If Nintendo follows through on a newly discovered patent, then the gap between video games and cinema will truly be erased.
According to a patent filed by Nintendo guru Shigeru Miyamoto, the company would implement a new "hint system" in their games. This Hint System would allow for gamers to watch a game being played by the console itself, either from start to finish or specific points in the game. Also, when the console is playing through a game, the user has the option of taking the game over with the push of a button.
So what does the development community think of this possible trend? Mixed feelings to say the least. Kotaku had a chance to ask several developers what they thought about the Hint System. "I'm in Fallout 3 and have focused energy on sneak and unarmed combat," said Prince of Persia Producer Ben Mattes. "If I'm in a particular point in the game I can't pass, and I use this system, what 'recording' could the game know to use? It can't possibly have developer walkthroughs of all possible configurations of a character and strategies to pass through each in-game challenge."
On the other hand, Todd Howard, who is a Game Director for Bethesda (who actually makes Fallout 3), sees it from a different perspective. "Most people stop playing a certain game because they get frustrated or confused by what the game wants them to do," says Howard. "It becomes work and frustration, as opposed to ‘playtime.’ This idea clearly tries to alleviate that. It’s much like passing the controller to someone who knows the game really well, so you can move ahead or simply enjoy the story."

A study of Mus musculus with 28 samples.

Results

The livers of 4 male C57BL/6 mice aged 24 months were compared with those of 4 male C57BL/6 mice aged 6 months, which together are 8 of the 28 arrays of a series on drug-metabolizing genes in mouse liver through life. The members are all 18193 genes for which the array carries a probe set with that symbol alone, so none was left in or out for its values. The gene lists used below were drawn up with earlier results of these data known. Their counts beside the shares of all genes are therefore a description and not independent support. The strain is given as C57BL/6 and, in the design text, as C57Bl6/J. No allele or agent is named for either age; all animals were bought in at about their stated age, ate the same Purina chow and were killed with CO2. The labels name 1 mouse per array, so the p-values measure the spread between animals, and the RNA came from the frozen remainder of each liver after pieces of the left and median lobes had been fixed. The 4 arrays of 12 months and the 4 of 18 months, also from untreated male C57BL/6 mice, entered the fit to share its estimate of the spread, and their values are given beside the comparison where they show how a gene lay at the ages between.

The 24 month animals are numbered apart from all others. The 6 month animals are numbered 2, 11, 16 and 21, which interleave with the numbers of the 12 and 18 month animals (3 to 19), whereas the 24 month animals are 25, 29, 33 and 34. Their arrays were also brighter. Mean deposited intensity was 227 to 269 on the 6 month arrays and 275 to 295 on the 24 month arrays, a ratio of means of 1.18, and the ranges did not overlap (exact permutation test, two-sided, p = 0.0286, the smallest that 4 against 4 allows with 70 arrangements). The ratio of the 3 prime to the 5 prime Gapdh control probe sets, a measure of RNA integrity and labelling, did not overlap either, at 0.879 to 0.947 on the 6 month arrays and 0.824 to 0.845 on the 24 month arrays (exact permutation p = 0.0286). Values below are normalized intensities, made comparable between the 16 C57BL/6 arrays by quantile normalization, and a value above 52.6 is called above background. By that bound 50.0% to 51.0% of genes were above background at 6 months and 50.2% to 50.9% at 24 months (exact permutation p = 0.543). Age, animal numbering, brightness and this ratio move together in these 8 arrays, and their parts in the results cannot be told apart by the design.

Either way, the new feature would be optional, and even a fresh perspective for even the most hardcore gamers. Titles like Metal Gear Solid 4, if used in conjunction with this Hint System, could be played like the game that was so popular this year, or watched like a movie, with its plethora of cinematics.
If the Hint System does come to life, I doubt it will be on the Wii. Look for it on Nintendo's next generation offering...whatever that ends up being.